New juice bar and cafe now open in Jamaica Plain
Nourish your body at Juicygreens
Ammy and Michael Lowney, owners of Juicygreens juice bar and cafe, believe food can be a form of medicine for the body and have instilled this idea into their business.
Opened in late May, Juicygreens offers fresh juices, smoothies, coffee, salads and baked goods in Jamaica Plain.
Ammy tells the Banner that although the couple lives in Westwood, they are familiar with the neighborhood since Michael, a licensed osteopath, owned his own medical practice in Jamaica Plain until he relocated his business, Lowney Medical, to Hyde Park.
Michael learned how to lead a healthier life with a natural-based diet through his own study on medicine and disease prevention and Ammy, a former teacher at Boston Public Schools, has witnessed the effects of what unhealthy food can do.
“I saw firsthand the lack of energy kids have when they don’t eat well,” she says. “But we can choose food that nourishes us.”
Juicygreens’ menu includes cold and warm bowls of fruit with superfoods like acai, goji berries, spirulina, chia seeds and matcha. Customers can also choose more filling bowls with quinoa, mushrooms or kale and savory or sweet toasts with various spreads.
Ammy says they work with farmers throughout New England and New York to source vegetables and fruits for their juices, smoothies and salads. “Everything is plant-based, vegan and gluten-free,” she says.
Juicygreens sources its coffee from Counter Culture Coffee, a specialty coffee roaster with a local distribution office in Somerville. According to Ammy, they chose Counter Culture because they help train Juicygreens staff and they source their single-origin coffee responsibly.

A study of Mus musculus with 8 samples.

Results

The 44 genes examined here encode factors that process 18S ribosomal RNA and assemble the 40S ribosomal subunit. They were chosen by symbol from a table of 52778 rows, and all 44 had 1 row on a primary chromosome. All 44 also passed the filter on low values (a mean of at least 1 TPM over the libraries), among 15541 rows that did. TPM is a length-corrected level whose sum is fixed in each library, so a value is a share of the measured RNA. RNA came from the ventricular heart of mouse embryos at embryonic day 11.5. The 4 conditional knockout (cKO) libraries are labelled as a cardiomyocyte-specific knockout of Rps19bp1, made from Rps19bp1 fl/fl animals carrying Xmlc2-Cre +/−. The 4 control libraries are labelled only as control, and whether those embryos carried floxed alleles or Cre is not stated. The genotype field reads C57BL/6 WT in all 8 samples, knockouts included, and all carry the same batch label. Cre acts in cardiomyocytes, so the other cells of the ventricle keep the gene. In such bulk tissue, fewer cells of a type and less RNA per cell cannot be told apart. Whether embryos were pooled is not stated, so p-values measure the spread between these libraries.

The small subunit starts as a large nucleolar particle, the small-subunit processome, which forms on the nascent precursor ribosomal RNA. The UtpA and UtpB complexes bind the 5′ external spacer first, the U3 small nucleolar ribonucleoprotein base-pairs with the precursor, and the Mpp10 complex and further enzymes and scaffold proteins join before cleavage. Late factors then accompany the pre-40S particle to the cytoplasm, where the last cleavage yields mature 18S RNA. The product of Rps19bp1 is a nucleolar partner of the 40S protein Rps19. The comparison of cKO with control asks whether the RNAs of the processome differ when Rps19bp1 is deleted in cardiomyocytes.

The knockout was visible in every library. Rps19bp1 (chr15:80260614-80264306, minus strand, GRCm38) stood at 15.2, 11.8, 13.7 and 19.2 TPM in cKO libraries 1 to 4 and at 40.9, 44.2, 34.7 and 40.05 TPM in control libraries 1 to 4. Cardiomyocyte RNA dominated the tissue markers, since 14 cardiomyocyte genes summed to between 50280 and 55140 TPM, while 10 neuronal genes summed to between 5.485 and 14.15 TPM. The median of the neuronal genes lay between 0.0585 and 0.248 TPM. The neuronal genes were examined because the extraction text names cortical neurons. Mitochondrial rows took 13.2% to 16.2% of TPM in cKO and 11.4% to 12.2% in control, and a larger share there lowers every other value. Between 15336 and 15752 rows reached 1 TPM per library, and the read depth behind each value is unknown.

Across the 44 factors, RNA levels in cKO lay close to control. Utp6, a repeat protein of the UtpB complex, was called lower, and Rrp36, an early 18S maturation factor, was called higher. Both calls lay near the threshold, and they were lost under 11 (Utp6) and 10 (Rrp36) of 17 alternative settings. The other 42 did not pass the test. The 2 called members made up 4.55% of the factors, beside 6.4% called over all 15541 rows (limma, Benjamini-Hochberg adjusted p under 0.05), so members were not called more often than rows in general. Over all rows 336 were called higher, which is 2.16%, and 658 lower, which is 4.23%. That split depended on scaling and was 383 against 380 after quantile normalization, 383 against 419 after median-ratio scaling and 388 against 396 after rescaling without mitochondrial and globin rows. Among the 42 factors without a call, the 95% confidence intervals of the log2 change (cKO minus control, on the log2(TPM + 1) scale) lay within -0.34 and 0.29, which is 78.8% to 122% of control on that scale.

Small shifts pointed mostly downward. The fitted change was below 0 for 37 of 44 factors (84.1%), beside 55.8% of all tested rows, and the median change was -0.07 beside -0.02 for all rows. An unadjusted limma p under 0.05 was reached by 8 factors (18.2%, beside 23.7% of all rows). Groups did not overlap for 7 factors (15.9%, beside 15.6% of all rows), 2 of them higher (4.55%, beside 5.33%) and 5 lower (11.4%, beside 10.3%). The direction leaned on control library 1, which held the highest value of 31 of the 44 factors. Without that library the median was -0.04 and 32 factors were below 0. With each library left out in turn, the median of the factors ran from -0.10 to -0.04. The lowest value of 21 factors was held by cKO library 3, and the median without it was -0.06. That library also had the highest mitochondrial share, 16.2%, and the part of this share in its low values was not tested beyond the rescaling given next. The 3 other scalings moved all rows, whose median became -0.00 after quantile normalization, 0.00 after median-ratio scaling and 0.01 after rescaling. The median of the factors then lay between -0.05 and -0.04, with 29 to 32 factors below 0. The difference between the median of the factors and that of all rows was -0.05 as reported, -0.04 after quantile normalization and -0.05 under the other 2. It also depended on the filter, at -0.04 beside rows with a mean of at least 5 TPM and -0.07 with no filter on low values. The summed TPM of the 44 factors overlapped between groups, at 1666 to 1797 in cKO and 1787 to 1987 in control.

“I always wanted to open a coffee shop,” says Ammy who is originally from Colombia and grew up in Rhode Island.
She pursued the idea by participating in a business startup program at the Jamaica Plain Neighborhood Development Corporation. She was able to pitch her business idea to other entrepreneurs.
“Based on the feedback I received in the program, we were supposed to just do a juice bar but then the community gave me the idea that we should also do a cafe,” says Ammy.
With a sharper business plan in place, the couple began scouting out potential locations all over Boston and came upon 61 South Street, a space formerly occupied by a Harvest Co-op grocery store.
Situated right at the corner of South and Custer streets with outdoor seating, it’s a prime location for a juice bar in an area with other independent local businesses such as Ferris Wheels Bike Shop and 40 South Street vintage shop.
“We like that we bring something a little different to this corner,” says Ammy. “We knew people were missing something here.”
They signed the lease last June and started the year-long process of rezoning and renovating, including painting the outdoor facade a bright lime green.
Ammy says the zoning took about six months because the location changed from a supermarket zone to a restaurant zone.
The cafe is outfitted with hanging and potted plants and an ample stream of natural light shines throughout the heavily-windowed interior.
Then there is what Ammy calls “the community room,” a part of the cafe that resembles a living room with an array of straw chairs, cushy lounge chairs, a coffee table with books on nutrition and a separate corner for children to play with toys or read books.
“We’re a family-oriented place,” says Ammy while also mentioning that the bathroom has a diaper-changing table.
Customers can slowly sip on beverages while conversing with friends or quietly work on their computers in the community room. Or they can attend wellness events hosted by Juicygreens on specific calendar days.
“We want to provide nutritional information to the community,” says Ammy. For example, she says that one of her 10 staff members is also an ayurvedic coach and plans to host a workshop at the cafe.
As owner of a new business in Jamaica Plain, Ammy says her and husband Michael’s favorite part about running their own juice bar and cafe is being able to provide people with jobs.
Ammy adds, “And the smiles that people get after leaving our place.”